Moscow (AsiaNews) – On Thursday (8 March), special celebrations were held not only for International Women’s Day, but also for something dictated by popular piety, namely the 20th anniversary of the recognition and transfer of the relics of the Blessed Matrona Nikonova, also known as Moskovskaya because of her fame in the capital, where she lived.
Women’s Day is an important event in Russia, as the day of the uprising of Petrograd women that started the Russian revolution 101 years ago, eventually becoming an iconic moment for the international women’s movement. On this day, in 1998, the then Patriarch of Moscow Alexy II (Ridiger) decided to conduct the identification of the relics of the Blessed Matrona, at the end of the meeting of Synodal Commission slated to rule on her righteousness. The following year the Orthodox Synod solemnly proclaimed her canonisation as a blessed of the Russian Orthodox Church.
The Matrona cult spread right after the end of the atheist regime, which had tried to inhibit it for decades, despite its already widespread fame, even outside of Moscow. In 1993 a monastery in Moscow published a memoir of a friend of Matrona, Zinaida Zhdanova, who died in her nineties in 2007. Zhdanova lived with the saint in her final years (Matrona died in 1952) and saw many miracles of healing attributed to her, as well as her acts of divinations and the spiritual advice she gave to those who came to visit her in her tiny little room in the centre of the city. She herself could not move since she was blind from birth (empty eye sockets) and paralysed from the age of 17.
Zhdanova’s book was widely read, so much so that it became a symptom of Russia’s post-communist religious revival. The thaumaturgical aspect of Matrona’s life, together with many particularly surprising episodes in the Soviet Union’s rigidly atheist and anticlerical Soviet society, suggested a devotion that bordered the occult and magic, accessible to those who had no relationship with the faith and the Church. For this reason, the patriarch and his aides decided to carry out a thorough investigation, calling Zhdanova’s Memoirs “apocryphal”. They also put their own publication, ‘A life of Matrona’ purged of all superstitious aspects. The remains of the Blessed, which the Soviets had tried to hide because of the large-scale underground devotion, were brought back to the Monastery of the Protection of the Mother of God in Moscow. Huge crowds of faithful visit it every day, and each Sunday people queue for hours to honour her. On this 8 March, there were so many people that the chapel stayed open all night.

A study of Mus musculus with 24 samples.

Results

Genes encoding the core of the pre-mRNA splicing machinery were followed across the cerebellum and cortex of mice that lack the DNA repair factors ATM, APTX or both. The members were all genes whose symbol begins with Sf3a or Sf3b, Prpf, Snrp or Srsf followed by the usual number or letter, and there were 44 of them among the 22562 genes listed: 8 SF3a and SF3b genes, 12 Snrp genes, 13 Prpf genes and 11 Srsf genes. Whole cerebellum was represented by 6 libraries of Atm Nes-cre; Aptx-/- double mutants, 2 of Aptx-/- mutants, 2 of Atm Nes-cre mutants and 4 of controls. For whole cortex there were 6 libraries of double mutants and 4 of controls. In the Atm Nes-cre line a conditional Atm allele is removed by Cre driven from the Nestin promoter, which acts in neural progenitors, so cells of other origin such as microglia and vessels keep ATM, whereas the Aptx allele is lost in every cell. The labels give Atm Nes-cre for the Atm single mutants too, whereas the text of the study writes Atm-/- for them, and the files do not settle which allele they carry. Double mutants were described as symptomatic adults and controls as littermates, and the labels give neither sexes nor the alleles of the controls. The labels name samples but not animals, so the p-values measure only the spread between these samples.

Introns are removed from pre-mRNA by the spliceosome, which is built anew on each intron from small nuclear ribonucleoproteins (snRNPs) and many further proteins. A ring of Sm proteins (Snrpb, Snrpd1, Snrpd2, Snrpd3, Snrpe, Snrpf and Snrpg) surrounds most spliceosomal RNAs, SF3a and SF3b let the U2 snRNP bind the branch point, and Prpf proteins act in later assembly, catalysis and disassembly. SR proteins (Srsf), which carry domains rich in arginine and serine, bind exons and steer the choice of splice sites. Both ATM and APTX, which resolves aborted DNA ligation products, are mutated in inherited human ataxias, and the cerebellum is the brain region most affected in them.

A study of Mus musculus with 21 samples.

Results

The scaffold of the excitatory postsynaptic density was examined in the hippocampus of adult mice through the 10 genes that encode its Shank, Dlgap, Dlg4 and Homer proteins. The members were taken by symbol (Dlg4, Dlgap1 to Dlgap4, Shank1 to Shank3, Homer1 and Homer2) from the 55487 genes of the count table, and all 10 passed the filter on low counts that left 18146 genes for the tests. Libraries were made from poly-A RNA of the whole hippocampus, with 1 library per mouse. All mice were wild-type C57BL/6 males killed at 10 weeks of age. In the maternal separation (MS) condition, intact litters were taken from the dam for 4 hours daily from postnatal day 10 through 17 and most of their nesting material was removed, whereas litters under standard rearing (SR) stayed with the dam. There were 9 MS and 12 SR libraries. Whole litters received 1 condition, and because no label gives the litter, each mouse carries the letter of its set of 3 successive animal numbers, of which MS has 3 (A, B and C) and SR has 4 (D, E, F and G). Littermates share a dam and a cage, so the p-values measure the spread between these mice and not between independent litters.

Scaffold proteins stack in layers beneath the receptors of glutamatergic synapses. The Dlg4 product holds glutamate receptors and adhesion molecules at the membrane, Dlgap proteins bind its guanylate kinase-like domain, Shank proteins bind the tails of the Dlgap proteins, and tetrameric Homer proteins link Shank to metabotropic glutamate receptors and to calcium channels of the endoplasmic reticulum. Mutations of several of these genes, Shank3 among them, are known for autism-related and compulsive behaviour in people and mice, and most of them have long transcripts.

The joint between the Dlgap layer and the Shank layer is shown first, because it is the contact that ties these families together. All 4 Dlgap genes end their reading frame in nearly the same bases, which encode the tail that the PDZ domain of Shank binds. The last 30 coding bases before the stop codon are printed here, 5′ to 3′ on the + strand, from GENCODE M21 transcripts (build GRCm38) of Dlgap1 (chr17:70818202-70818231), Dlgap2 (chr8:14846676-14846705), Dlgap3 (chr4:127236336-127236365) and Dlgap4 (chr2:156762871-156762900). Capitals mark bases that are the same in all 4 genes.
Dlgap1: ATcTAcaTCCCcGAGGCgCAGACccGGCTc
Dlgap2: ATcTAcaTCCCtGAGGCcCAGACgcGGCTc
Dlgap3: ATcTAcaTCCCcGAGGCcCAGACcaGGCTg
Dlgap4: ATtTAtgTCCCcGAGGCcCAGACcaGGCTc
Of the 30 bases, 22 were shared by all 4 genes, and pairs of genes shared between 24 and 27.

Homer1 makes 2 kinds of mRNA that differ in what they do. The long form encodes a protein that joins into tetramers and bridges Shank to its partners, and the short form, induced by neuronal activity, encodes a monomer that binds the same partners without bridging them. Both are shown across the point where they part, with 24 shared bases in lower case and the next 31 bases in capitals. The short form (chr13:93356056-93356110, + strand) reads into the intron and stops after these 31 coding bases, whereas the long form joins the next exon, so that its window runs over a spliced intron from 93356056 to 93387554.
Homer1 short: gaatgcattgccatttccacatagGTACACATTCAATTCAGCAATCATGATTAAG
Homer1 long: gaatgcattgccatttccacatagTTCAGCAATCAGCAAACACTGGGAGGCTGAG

One of most striking apocryphal stories in Zhdanova’s Memoirs concerns the meeting between Matrona and Generalissimo Stalin. In 1941, after Hitler invaded the Soviet Union breaking the German-Soviet pact, the Georgian dictator was in a panic for days, not knowing what to do. Although someone who trusted no one, he did not expect Hitler’s betrayal. Tempted to flee Moscow, he was taken to the clairvoyant, who foretold his victory if he remained in the capital, despite the imminent arrival of the enemy: “the Russian people will stand with you, if you remain in your place”. The Soviets held out against the invader and showed extraordinary heroism (like in the Battle of Stalingrad, and the siege of Leningrad), partly because Stalin allowed the reopening of the churches, perhaps to fulfill Matrona’s prophecy. Russian patriotism, stifled by the party’s internationalist ideology, was reborn at that time and led to a great victory, and since then the Church has remained a faithful ally of the regime.
Stalin’s “rehabilitation” among Russians is visibly taking place, so much so that according to the most serious polls almost 60 per cent of the population justifies even the victims of the concentration camps. In past few years, after the annexation of Crimea, the nationalist-Christian ideology that drives Putin’s politics has become increasingly loud, inspired by the memory of the “Father of the peoples” and his victories are a source of inspiration. Unprecedented aspects of personal religiosity have been attributed to Stalin, a leftover from the days in the seminary he attended in his youth in Tbilisi, when he dreamt of becoming the patriarch of Georgia.
No wonder then that the devotion to his “spiritual godmother” has become exceptionally exalted on this occasion, which happens to coincide with the ongoing election campaign that will likely result in Putin’s re-election as President of Russia. Patriarch Kirill (Gundyayev), who led the service at Matrona’s tomb, urged people to learn from the saint to accept trials and tribulations. “Suffering must not discourage us, it must not take away our strength, it must not, as we say today, change the quality of our human life. Suffering must only strengthen our faith, and sharpen our religious sense,” said the patriarch said in his homily to the thousands of pilgrims gathered around the remains of the Blessed Matrona.